By Cantor Penny S. Myers
Have you ever experienced Yamim Noraim (Days of Awe) in a synagogue you had never been? What if you were there alone, without your family with you, not knowing a single person in the city, let alone in the synagogue? It sounds daunting, lonely, and certainly uncomfortable, but I experienced exactly that for this most recent Rosh Hashanah and Yom Kippur.
Leaving Buffalo, where I know so many of our community member stories, where when I served TBZ I knew where families liked to sit in the pews, knowing every detail intimately of customs, history, music and ritual of the synagogue I served for a quarter of my life only to go to the other extreme of davening in a shul unseen, in a city I’d never visited before; I was indeed a stranger in a strange land!
This past spring, I decided to enter into High Holy Day Cantor Placement through the Cantors Assembly, my professional association for Hazzanim (Cantors) trained in the Conservative movement.
While many pulpits all over the country expressed interest, something about Congregation B’nai Jacob (CBJ) in Woodbridge CT just felt b’shert (meant to be). Paul Schatz, head of the search committee and a past president welcomed me with open arms since my initial acceptance mid-spring. I appreciated his support, guidance, and availability to help me become acquainted with this new synagogue. He was also overwhelmingly appreciative for MY choosing them!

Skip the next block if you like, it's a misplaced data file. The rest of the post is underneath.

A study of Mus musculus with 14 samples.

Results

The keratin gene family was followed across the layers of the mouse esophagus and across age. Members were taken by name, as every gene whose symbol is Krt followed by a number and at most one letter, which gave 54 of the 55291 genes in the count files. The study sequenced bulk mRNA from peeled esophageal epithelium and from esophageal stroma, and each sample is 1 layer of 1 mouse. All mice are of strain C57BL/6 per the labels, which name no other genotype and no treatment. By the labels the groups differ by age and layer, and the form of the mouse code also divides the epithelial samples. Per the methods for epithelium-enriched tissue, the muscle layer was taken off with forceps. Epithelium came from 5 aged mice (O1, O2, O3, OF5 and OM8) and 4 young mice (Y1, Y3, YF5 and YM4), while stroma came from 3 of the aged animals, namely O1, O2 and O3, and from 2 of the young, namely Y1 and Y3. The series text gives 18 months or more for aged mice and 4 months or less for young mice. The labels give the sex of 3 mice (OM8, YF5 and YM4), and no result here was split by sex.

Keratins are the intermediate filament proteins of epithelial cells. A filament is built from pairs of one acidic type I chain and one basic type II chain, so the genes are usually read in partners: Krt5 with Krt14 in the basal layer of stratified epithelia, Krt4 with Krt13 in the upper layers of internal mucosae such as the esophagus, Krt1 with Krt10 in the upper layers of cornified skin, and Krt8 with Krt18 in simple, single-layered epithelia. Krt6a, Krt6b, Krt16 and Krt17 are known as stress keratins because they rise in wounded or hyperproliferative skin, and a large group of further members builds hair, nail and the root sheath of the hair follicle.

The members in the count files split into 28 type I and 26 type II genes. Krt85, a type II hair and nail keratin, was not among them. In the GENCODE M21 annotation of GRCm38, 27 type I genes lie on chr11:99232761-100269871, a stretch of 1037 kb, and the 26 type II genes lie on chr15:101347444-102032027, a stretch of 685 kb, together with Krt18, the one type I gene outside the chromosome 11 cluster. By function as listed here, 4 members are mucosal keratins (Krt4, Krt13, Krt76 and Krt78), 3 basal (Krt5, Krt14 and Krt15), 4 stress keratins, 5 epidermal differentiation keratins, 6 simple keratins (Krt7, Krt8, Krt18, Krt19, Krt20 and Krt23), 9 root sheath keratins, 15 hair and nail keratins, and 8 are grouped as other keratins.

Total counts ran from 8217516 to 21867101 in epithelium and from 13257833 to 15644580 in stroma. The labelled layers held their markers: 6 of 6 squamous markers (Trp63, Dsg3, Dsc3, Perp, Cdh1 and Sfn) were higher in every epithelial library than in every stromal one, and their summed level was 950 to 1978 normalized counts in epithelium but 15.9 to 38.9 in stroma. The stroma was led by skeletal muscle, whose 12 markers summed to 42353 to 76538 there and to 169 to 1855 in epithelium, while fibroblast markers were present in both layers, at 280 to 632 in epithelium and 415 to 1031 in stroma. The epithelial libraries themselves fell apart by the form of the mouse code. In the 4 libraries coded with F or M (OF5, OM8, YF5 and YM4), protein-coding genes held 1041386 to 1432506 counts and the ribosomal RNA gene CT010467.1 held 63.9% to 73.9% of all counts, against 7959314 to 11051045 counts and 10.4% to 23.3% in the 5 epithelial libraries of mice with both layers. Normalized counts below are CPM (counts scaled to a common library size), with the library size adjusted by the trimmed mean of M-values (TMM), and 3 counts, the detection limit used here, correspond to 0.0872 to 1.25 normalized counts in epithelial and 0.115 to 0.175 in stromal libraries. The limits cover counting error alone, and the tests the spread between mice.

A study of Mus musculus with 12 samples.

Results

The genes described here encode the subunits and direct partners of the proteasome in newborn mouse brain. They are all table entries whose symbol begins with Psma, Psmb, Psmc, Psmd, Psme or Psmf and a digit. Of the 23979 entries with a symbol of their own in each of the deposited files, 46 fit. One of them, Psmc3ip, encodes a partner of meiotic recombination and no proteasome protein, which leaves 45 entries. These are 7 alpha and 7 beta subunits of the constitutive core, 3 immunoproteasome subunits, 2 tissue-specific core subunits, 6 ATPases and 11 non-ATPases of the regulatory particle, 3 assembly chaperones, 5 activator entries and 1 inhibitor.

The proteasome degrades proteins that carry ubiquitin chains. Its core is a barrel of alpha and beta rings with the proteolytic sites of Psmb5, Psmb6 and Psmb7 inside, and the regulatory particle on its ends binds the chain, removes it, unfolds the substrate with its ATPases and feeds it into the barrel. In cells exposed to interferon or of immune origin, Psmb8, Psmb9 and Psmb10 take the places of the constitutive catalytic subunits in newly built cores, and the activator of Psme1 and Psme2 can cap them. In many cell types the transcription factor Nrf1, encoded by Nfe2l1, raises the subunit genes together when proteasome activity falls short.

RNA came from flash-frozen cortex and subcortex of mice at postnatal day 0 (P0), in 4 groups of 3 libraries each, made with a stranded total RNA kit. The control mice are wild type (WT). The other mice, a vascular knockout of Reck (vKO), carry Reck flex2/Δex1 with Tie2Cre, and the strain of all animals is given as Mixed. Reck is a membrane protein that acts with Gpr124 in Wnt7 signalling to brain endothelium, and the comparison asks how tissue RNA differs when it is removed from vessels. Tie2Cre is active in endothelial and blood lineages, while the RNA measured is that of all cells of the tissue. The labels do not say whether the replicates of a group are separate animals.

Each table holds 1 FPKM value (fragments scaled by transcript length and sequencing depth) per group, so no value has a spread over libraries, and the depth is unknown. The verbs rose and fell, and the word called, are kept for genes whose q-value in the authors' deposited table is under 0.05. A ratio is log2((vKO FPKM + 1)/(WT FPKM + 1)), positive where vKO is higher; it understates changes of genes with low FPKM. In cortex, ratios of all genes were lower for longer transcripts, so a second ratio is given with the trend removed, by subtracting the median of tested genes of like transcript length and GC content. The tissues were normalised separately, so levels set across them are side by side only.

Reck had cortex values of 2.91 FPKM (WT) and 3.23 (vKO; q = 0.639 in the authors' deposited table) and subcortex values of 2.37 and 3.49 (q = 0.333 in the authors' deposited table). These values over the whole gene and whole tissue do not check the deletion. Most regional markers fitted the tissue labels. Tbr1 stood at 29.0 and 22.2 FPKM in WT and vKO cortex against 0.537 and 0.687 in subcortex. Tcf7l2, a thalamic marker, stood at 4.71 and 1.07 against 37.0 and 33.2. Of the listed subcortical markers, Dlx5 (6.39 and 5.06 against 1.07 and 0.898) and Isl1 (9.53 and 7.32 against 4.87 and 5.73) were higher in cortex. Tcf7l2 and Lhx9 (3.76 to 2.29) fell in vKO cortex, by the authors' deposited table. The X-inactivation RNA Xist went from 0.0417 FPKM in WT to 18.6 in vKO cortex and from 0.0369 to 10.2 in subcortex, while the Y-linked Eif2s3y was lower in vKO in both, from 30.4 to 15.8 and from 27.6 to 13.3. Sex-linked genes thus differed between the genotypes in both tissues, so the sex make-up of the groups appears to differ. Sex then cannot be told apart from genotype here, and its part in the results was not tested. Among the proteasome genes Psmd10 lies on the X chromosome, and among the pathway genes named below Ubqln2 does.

As I worked with Rabbi Rona Shapiro we developed a deep friendship and respect. Her being one of the early women in the Conservative rabbinate, she welcomed my lyric soprano, contemporary davening style and wanted my opinion on almost everything we crafted for the High Holy Days; it didn’t matter to her that I was unaware of CBJ’s traditions, she placed her trust in my expertise liturgically as well as musically.
She checked in on me often, called to see how my family or I was, this temporary ‘transactional’ position of my being their High Holy Day Cantor renewed, inspired, and awakened me to exactly what our Torah encourages us to do. There are more than 36 references in Torah that teach us how to welcome a stranger.
Congregation B’nai Jacob is an exemplary synagogue and a model of Torah and in return I gave them my very best. They also offered me a full-time job, and while tempting, as you all know Buffalo is home!
As we continue Sukkot, our holiday where we are compelled to fulfill mitzvah of hachnasat or’chim, welcoming guests into our sukkahs and homes, I pray that you are welcomed with sweetness and graciousness akin to the experience I had at Congregation B’nai Jacob.
Chag Sukkot Sameach!
Cantor Penny S. Myers is the Region Chair of Cantors Assembly, Great Lakes and Rivers Region.